January 14, 2010
In an article published online January 12, 2010, in the British Medical Journal (www.bmj.com/), researchers reviewed data from over 68,500 people aged 70 or older who took part in seven studies that looked at the effect of taking vitamin D alone versus Vitamin D and calcium on fracture risk.
Although vitamin D is touted as being an important dietary component to prevent fractures, these study results indicate that vitamin D alone (at doses of 10-20 micrograms, or 400-800 International Units [IU]) didn’t prevent fractures. However, taking calcium with vitamin D every day did reduce the risk of fracture in men and women of all ages, even if they previously suffered a fracture. Taking calcium and vitamin D together reduced the risk of hip fractures, total fractures, and possibly vertebral fractures.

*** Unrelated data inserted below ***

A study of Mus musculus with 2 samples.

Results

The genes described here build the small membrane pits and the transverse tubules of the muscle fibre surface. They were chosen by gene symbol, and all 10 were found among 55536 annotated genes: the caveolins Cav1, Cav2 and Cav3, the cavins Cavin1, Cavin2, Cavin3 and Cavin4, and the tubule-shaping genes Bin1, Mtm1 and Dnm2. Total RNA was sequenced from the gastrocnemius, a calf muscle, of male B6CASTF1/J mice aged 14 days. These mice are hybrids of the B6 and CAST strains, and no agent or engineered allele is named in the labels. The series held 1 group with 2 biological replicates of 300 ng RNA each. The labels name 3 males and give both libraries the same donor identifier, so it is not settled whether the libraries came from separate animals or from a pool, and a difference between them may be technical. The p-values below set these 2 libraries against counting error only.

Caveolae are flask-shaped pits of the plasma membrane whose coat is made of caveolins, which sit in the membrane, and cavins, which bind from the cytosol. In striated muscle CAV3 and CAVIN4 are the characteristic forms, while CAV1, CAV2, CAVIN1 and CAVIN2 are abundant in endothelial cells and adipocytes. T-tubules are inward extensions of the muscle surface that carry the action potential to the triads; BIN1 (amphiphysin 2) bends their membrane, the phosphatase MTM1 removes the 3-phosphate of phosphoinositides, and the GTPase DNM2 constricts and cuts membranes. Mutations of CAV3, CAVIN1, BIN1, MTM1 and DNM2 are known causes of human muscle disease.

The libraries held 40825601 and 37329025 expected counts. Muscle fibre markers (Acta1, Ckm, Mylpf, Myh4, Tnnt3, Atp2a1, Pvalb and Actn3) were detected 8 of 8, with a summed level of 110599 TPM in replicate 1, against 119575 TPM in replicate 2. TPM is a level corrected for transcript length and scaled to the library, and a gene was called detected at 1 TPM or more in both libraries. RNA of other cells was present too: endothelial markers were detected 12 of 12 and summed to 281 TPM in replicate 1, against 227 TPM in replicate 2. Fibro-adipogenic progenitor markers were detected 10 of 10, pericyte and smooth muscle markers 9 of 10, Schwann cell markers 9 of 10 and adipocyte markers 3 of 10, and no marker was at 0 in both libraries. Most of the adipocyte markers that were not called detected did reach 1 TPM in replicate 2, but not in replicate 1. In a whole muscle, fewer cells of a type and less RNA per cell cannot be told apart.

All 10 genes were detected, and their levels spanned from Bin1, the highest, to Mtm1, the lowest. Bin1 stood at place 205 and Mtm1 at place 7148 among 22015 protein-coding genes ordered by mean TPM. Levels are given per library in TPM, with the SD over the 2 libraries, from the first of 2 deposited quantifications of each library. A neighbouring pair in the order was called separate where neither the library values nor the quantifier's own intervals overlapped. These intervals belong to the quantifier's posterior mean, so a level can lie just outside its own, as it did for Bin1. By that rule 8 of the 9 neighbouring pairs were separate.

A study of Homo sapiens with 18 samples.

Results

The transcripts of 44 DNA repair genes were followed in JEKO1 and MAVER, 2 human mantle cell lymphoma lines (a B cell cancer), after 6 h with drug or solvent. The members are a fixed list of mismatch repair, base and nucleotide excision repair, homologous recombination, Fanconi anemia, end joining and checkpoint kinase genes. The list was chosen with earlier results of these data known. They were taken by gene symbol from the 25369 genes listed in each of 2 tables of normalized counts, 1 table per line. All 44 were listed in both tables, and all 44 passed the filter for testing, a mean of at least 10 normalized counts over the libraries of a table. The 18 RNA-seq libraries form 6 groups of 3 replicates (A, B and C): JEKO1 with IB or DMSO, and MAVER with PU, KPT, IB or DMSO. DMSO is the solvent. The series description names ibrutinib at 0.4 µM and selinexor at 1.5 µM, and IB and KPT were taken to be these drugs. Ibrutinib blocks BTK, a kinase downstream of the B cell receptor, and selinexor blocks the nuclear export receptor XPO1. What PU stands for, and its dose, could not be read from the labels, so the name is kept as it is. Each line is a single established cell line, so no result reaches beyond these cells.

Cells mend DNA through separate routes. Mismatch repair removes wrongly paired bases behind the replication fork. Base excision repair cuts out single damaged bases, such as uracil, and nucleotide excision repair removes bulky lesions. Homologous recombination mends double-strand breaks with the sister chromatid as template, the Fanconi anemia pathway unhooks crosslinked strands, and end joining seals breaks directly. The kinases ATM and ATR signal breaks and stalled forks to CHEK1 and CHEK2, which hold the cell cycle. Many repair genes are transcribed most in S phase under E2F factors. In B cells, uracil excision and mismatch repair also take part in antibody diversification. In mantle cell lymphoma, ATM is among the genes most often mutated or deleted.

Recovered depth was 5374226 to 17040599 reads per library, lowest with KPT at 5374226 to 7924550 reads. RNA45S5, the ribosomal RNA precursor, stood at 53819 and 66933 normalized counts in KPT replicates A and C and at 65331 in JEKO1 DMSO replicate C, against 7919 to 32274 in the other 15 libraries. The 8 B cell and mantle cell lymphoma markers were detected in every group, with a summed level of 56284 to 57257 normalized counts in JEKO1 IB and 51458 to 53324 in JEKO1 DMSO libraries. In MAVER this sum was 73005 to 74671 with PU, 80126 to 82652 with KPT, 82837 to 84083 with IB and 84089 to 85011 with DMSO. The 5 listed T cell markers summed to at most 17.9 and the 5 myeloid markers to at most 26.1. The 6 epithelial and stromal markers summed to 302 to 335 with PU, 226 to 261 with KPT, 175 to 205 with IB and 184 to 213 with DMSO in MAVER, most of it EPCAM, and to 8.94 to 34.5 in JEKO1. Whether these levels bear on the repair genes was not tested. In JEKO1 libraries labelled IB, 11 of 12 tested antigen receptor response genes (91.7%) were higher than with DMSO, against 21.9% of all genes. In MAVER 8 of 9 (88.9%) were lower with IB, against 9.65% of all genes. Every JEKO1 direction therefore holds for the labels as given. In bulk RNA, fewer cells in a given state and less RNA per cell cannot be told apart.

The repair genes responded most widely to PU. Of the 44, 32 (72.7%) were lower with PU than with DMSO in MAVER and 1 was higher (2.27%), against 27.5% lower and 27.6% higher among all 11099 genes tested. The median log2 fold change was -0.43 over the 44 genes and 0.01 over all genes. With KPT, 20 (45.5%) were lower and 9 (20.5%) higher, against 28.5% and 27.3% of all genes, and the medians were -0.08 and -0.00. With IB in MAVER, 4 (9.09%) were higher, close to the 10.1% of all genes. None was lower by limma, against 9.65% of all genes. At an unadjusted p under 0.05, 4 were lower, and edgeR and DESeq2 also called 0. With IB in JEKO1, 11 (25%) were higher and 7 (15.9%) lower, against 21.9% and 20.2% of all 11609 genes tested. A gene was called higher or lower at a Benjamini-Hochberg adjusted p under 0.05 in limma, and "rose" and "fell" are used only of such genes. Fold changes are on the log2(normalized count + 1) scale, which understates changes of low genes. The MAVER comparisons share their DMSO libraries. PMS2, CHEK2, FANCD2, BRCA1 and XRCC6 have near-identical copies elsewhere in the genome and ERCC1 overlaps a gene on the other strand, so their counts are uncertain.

The Recommended Daily Allowance (RDA) for Calcium is 1,000 milligrams for adults; for vitamin D it’s between 200 IU and 400 IU. However, the minimum requirements for vitamin D may soon be changing. For now, it’s best to consider taking 500 milligrams of calcium, along with 200 IU of vitamin D twice daily.
Source: BMJ 2010;340:b5463
Written by Melissa Ohlson, MS, RD, LD, Preventive Cardiology and Rehabilitation.
Get more information on nutrition strategies. To make an appointment with a registered dietitian, call the Cleveland Clinic Preventive Cardiology - 216.444.9353 or 800.223.2273 ext. 9353. Or, get a nutrition consultation online with our private and secure MyConsult Nutrition Consultation.